Apr 16, 2015

A police device rolls toward a copter device, right, that landed on the West Front of the Capitol in Washington, Wednesday.
Credit AP Photo/Lauren Victoria Burke

Ethical questions are being raised about the Tampa Bay Times' coverage of Don Hughes, the Ruskin man who flew a homemade gyrocopter onto the grounds of the Capitol.

The Times first reported on Hughes' flight close to the time he took to the air on Wednesday.

As his homemade gyrocopter came in for a landing on the Capitol lawn, two Times journalists, including reporter Ben Montgomery, were nearby to record it. They had known about his plans since last summer.

However, Times Managing Editor Jennifer Orsi denies knowing exactly when the flight would take place.

"My understanding is that Hughes told Ben Montgomery late last week that he was probably going to make his flight this week, that he didn't know what day it would be, that it was dependent on the weather,” Orsi said. “We didn't know whether we'd be wasting a trip or covering a story."

She said Montgomery and photographer James Borchuck drove up to D.C. the morning of the flight.

And while the Secret Service had previously investigated Hughes, they had no idea he would fly through protected airspace this week to land on the Capitol lawn.

The paper didn't call the Secret Service and Capitol Police until after the flight began.

That's a problem, said Norm Lewis, a University of Florida journalism professor.

He said Hughes could have been shot down, or used his gyrocopter to hurt others.

"My approach would have been to say 'Sorry, I cannot do a story in which someone is willing going to violate a law that's going to put you and others at harm. If you persist in this, I'm going to have to alert authorities,’” Lewis said.

Roy Peter Clark, Vice President of the Poynter Institute, which owns the newspaper, wrote in a column Thursday that the "Tampa Bay Times was wrong."

Thankfully, no one was physically hurt.  But everyone is wondering what might have happened.  Maybe he would have crashed to the ground, or into the Washington Monument, or into a crowd of tourists or schoolchildren?  Imagine the conversation we would be having now about the judgment of the Times if something terrible had happened, if an over-reaction from the government resulted in trying to shoot the copter from the sky.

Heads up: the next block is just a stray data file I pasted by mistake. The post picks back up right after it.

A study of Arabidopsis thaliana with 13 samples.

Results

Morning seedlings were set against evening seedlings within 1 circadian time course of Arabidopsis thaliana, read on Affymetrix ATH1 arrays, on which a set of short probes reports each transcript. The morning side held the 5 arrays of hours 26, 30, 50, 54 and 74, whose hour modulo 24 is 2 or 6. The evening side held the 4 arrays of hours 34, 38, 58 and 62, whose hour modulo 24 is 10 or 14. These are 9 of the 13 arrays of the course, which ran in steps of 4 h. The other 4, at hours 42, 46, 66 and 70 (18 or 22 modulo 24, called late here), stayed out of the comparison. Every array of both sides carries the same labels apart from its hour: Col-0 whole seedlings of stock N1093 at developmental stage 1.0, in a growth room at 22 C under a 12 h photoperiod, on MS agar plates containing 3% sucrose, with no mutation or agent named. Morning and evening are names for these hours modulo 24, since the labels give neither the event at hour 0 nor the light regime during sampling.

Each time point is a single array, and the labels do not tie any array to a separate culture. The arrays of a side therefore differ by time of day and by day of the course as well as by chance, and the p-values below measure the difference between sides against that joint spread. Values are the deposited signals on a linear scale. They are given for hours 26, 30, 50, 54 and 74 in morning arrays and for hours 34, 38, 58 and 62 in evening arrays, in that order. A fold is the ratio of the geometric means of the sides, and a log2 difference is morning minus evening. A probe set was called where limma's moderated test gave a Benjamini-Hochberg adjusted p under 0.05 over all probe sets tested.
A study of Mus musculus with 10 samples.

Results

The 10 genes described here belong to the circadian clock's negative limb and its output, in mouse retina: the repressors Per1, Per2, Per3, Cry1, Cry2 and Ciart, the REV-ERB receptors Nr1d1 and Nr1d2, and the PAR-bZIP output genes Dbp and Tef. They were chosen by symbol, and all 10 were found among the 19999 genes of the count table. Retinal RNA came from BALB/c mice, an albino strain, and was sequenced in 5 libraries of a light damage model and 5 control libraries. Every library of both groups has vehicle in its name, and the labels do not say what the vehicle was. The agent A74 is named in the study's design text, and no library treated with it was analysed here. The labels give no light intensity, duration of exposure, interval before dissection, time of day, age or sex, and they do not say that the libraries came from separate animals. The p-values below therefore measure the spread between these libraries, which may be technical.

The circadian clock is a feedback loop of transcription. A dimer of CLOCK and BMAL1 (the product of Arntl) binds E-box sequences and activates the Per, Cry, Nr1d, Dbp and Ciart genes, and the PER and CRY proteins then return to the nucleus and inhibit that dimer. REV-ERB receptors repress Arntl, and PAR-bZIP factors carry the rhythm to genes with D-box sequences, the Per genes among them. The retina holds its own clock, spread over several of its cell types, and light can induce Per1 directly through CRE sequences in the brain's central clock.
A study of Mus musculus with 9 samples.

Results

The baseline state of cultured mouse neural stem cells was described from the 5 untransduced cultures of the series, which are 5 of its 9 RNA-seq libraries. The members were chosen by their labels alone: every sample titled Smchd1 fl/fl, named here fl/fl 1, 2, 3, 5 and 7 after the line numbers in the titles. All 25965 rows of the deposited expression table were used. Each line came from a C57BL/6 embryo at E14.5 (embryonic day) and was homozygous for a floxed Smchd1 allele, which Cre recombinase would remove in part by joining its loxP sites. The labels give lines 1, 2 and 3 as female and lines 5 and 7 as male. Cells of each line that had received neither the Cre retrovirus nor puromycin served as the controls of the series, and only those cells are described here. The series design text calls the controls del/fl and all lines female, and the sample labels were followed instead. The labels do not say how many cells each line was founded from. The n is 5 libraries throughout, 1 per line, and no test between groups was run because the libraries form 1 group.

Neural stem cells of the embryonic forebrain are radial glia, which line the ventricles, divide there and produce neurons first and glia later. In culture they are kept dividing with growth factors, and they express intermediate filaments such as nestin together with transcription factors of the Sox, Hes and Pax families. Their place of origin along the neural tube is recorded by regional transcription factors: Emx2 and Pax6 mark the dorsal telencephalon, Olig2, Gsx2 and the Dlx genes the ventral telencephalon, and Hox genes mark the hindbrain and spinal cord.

Others are defending the Times handling of the story. Donna Leff, a professor at the Medill School of Journalism at Northwestern University, said it's a newspaper's job to report the news, not do the legwork of investigators.

"I don't see any dilemma whatsoever, because law enforcement was entirely aware of this person and if they failed to do their job or they failed to act or investigate in a timely way, it’s not the newspaper job to ride hard on them,” Leff said.

The Times is defending its decision not to notify authorities earlier, saying they responded appropriately after talks between reporters, editors and attorneys. 

Here's the Times' full written statement:

Last summer, postal worker Doug Hughes contacted Times reporter Ben Montgomery, who was not previously acquainted with him. He told Montgomery that he was planning an act of civil disobedience to bring attention to campaign finance reform and wanted someone to know his plans and motivations for flying letters to the U.S. Capitol in case something happened during his attempt. By this time, Hughes told us, he had already been interviewed twice by a Secret Service agent.

Earlier this year, as Hughes continued to work toward his flight, we conducted interviews with him and took photographs and video of his gyrocopter. He told us that part of his plan was to be transparent about his intent – he intended to livestream the flight, intended to go live with a website when he took off explaining who he was and what his intentions were, and that he had an email blast set to go out to lots of media outlets and the authorities alerting them to his plans. In reporting on the story, we saw the business card of the Secret Service agent who Hughes said spoke to him, and confirmed with a co-worker of Hughes that both men were interviewed by the Secret Service at their place of work.

Hughes told us last week that he planned to go to Washington this week and attempt his flight. We sent Montgomery and photographer James Borchuck to Washington to see if the flight would occur. This morning, they went to the Capitol to see whether Hughes would make his attempt. Shortly after noon today, when we saw Hughes take off via his livestream feed, we posted a story on tampabay.com that Montgomery had written about Hughes and his plan. We also saw Hughes’ website go live identifying himself and giving details of his plan. We reported extensively and publicly about our story and the flight on social media including Twitter and Facebook. At about 1 p.m. we called the Capitol Police and Secret Service to ask whether they were aware that a man was flying toward the Capitol in a gyrocopter and ask for comment. We posted their response on our website. At approximately 1:30, Hughes landed.